Master Gardener: Time to plant some garlic

By Jerry Vitalis, Chisago County Master Gardener

The Chisago County Master Gardeners recently offered a class on growing garlic in the home garden that was presented by Carl Rosen, Soil Scientist at the University of Minnesota.   Carl became interested in growing garlic after being asked how best to fertilize the soil for a good garlic crop.  That was 15 years ago and in his own admission, he is addicted to growing garlic.   The class was very well attend, which is a testament to the interest there is out there for adding this member of the onion family to the home garden.
Late September to the first two weeks of October is the time to plant garlic cloves.  By this time we’ve already had the first frost of the season.  Garlic cloves need a chilling process to develop adequate bulbing.  Your soil should be a well-drained loam that is high in organic matter with a PH of 6-7.   The cloves should be planted flat end down at a depth of 1-2 inches and 4-6 inches apart in 2-4 row beds.  Space beds apart 2-3 feet.  There are many good sources for cloves.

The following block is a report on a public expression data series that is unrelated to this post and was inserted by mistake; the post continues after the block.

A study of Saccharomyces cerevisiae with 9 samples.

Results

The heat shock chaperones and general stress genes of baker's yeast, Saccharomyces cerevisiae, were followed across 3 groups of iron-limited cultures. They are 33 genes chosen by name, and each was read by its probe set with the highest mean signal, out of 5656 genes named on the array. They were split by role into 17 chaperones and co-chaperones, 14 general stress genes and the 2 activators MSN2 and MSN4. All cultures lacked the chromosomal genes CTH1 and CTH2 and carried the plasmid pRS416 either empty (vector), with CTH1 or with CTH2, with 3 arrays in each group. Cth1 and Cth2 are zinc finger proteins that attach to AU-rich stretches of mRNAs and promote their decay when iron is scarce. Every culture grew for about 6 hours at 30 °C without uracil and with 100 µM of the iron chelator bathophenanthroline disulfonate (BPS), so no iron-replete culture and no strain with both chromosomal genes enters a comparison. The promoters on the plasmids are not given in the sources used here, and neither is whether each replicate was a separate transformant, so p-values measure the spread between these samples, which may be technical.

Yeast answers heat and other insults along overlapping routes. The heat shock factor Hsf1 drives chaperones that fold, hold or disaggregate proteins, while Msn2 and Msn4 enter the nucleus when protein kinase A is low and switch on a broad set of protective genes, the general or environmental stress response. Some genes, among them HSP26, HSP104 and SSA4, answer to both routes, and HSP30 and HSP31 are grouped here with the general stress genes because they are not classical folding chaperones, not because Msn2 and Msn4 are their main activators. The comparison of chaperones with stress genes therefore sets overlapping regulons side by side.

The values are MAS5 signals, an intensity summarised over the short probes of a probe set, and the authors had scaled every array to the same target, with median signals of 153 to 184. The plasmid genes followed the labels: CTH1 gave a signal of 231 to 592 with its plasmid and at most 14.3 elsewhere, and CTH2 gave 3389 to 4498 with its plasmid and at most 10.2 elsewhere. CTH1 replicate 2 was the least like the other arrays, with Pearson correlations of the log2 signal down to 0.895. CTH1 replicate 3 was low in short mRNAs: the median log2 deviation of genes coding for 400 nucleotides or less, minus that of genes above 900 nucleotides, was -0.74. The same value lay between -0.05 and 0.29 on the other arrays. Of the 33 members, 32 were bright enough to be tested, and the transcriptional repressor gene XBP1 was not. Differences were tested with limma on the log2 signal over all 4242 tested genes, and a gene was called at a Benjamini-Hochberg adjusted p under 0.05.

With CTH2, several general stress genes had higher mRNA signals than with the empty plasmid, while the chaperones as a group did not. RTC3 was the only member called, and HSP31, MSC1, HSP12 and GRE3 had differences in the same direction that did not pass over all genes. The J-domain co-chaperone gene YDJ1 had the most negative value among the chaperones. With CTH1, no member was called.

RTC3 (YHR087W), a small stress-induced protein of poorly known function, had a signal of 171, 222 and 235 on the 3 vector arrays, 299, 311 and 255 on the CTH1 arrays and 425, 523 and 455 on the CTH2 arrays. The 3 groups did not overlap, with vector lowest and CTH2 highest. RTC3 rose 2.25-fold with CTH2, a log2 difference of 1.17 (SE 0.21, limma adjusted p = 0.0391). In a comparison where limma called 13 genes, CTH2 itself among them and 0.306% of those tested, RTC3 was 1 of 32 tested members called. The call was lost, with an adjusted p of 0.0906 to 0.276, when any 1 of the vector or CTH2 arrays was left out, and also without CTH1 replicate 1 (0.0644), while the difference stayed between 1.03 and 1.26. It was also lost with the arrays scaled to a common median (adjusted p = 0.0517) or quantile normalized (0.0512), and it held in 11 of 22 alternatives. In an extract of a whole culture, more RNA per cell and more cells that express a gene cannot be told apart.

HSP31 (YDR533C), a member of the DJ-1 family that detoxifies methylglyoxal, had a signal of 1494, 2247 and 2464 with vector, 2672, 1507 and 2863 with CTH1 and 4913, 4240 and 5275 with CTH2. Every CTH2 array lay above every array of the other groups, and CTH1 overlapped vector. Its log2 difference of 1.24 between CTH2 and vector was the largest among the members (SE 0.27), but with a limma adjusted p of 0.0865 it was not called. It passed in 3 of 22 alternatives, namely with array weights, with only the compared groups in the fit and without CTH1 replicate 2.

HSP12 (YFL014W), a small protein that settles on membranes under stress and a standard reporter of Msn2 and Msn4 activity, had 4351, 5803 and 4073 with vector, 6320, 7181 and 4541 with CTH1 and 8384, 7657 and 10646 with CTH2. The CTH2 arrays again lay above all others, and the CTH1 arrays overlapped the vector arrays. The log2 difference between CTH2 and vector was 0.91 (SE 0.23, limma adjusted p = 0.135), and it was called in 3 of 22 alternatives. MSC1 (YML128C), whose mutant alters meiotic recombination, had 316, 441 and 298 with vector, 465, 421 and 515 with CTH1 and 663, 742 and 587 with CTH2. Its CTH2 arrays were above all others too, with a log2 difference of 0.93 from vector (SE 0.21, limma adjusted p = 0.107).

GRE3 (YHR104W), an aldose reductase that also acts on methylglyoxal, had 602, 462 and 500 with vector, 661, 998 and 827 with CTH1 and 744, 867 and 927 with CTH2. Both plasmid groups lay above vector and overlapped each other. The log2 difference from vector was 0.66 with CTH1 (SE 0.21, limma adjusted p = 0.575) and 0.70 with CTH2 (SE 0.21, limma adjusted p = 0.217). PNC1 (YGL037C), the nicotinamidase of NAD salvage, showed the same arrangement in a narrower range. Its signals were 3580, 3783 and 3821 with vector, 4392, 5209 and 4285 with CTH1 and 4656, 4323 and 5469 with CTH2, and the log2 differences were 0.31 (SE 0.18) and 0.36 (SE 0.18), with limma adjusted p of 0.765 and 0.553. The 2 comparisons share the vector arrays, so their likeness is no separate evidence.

One of them is not the garlic you buy in the grocery store, as that garlic is not well adapted to Minnesota growing conditions. You can also plant garlic in the spring, but it’s a much more complicated process that involves starting the cloves indoors in late February or March.

The most critical stage in garlic bulb development is in May and June when good irrigation of this shallow rooted plant is essential.  About 1 ½ to 2 inches of water a week should be sufficient but then stop watering two weeks before harvest.  In general, garlic harvest in Minnesota usually extends from the second week of July through the first week in August in the northern half of the state and late June through mid-July in the southern half. Different varieties will mature at different times.  Harvesting too late will force the cloves to pop out of the skins, making them susceptible to disease and resulting in unmarketable bulbs. There are a couple of procedures that can be used to determine when to harvest.

By late June to mid-July the lower leaves will start to brown and harvest is usually optimum when half or slightly more than half of the leaves remain green. Make sure to pull a few bulbs and cut them in half; if the cloves fill the skins, then the bulbs are ready to harvest.

This year was a very different year for growing garlic in that some crops were literally ruined from a disease called Aster Yellows and it was the first time ever in the U.S. that Aster Yellows has infected garlic.  Most likely the reason is that the spring of 2012 was quite warm and garlic was one of the only plants green at the time, making it a perfect target for the leafhoppers that transfer the disease from plant to plant.  Normally leafhoppers don’t feed on garlic, but for the reason mentioned, this was an early source of food for them.